Breaking Bad came to its devastating, bloody end two months ago. But according to Bryan Cranston (Walter White), it could’ve stretched even further. “I’m kind of sad that we don’t have another year to go, because I really thought that maybe we could do another 10 or 12 episodes,” Cranston said at last night’s premiere of No Half Measures, a documentary on the making of the final season. “But it’s better to be finished early and proud so that the fans and us say, ‘I really miss that show’ as opposed to saying, ‘Is this show still on?’ It’s better to walk away at a high.” Cranston’s comments were among the highlights of a post-screening Q&A alongside series creator Vince Gilligan, Dean Norris (Hank Schrader), Bob Odenkirk (Saul Goodman), RJ Mitte (Walt Jr.) and Lavell Crawford (Huell).
No Half Measures chronicles the behind-the-scenes action of the show’s final eight-episode run. While it clocks in at two hours and fifteen minutes, it’s packed with superfan-worthy trivia, intimate off-screen moments between cast members and crew members’ interpretations of pivotal scenes. More generally, it’s also a great lens into what it’s like to make a TV show. According to Gilligan, each episode is created three times during writing, filming and editing. The documentary also gives much-deserved shine to everyone involved behind the scenes, from film editors to producers, Sony executives and the camera men who all work synergistically like a family – a comparison that Gilligan and Cranston, especially, have repeated many times over the years.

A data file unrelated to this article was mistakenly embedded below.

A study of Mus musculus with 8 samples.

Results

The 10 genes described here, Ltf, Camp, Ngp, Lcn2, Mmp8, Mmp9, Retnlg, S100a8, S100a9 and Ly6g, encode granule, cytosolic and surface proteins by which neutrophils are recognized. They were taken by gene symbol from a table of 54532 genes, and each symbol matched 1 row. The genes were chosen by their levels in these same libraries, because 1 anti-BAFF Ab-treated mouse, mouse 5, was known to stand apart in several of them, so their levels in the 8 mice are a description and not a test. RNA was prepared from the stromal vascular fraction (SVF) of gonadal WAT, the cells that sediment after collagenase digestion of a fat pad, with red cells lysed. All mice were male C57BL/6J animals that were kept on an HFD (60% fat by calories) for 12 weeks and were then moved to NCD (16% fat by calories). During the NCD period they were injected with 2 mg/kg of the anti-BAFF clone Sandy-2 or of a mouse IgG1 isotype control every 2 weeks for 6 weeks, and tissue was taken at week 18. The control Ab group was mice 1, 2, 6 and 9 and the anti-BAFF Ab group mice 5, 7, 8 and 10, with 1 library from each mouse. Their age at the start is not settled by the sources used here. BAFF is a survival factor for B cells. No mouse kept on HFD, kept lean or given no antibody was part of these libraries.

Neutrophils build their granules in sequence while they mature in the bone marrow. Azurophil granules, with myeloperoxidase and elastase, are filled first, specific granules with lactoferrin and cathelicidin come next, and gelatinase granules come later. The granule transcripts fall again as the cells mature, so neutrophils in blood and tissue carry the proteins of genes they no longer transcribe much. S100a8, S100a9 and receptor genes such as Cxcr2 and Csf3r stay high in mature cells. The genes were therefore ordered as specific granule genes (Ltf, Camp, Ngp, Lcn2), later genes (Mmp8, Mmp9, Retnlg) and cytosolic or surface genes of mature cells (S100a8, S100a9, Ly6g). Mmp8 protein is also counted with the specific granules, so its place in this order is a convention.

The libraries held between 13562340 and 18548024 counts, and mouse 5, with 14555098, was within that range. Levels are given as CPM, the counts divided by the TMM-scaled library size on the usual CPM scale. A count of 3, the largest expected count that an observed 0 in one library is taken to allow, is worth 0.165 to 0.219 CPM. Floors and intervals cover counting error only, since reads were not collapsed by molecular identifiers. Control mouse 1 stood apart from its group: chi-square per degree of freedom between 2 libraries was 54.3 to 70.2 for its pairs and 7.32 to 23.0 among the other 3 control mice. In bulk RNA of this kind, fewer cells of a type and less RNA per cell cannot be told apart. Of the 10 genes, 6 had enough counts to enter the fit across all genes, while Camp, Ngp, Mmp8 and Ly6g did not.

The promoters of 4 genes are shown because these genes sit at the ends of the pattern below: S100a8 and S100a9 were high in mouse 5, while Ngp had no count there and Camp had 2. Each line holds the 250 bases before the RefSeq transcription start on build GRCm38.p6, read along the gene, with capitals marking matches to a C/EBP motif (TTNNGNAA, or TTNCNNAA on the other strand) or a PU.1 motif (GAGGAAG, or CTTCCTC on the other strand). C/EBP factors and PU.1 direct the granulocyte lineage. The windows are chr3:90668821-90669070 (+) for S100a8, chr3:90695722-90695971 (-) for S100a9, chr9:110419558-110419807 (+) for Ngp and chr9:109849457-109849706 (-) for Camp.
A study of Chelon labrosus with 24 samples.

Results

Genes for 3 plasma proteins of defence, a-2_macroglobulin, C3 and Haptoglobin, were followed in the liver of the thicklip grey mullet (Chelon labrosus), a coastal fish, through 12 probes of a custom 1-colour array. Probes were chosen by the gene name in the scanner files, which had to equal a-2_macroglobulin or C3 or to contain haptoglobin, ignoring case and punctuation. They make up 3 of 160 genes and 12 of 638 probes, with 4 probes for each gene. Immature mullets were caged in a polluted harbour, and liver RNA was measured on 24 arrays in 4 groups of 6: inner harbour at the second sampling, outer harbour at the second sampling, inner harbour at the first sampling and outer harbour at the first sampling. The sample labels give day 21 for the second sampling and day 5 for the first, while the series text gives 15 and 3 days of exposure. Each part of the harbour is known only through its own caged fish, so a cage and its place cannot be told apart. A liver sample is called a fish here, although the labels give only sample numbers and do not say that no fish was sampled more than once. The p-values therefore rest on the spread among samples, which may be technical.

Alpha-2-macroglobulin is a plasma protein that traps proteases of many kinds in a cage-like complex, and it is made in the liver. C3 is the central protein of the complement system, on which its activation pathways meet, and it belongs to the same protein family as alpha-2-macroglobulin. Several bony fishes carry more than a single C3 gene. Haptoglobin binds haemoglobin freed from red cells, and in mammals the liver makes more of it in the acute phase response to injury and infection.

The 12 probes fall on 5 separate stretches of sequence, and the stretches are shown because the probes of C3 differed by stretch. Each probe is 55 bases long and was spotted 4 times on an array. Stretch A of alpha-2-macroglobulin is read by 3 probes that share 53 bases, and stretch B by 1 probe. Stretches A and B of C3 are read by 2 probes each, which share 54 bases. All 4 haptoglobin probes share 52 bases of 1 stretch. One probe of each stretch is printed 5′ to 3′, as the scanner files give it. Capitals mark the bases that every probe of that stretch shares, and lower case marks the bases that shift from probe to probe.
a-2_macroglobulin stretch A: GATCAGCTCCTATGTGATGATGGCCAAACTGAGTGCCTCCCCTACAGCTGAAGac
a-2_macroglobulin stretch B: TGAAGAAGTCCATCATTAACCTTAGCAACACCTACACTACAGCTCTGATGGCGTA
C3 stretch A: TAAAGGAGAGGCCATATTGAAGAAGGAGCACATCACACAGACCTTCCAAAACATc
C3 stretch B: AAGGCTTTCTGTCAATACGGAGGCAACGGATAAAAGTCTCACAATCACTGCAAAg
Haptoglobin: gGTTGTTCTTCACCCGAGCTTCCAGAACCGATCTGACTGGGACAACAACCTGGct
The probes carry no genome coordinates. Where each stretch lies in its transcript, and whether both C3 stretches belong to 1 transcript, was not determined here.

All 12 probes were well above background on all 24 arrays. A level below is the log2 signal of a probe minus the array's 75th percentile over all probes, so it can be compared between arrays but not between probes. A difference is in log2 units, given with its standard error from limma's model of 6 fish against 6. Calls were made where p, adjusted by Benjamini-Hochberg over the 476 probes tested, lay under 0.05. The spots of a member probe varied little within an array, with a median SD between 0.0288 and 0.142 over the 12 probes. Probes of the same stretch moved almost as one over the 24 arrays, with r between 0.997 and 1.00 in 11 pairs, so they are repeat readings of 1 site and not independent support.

The Q&A was at times largely dominated by Crawford, a professional stand-up comedian. From poking fun at the explosive nature of meth-making to revealing he got his part based on reciting one line, Crawford showed why he was the perfect counterpart to the zany Saul Goodman. Though it wasn’t revealed if Huell would be joining his character’s boss on the upcoming spinoff, Gilligan did say that Breaking Bad writers are working on the script and that the pilot would air before the end of next year.
Crawford also pointed out one of Breaking Bad‘s few plotholes: the fact that his character’s story was never resolved. On that subject – and when asked if he had any regrets – Gilligan explained, “We should have gotten Huell out of the safe house. I really think, all joking aside, Aaron Paul’s teeth stayed too pearly white and pristine for the six years. Your teeth don’t look that good if you smoke meth, or get your ass kicked that many times.”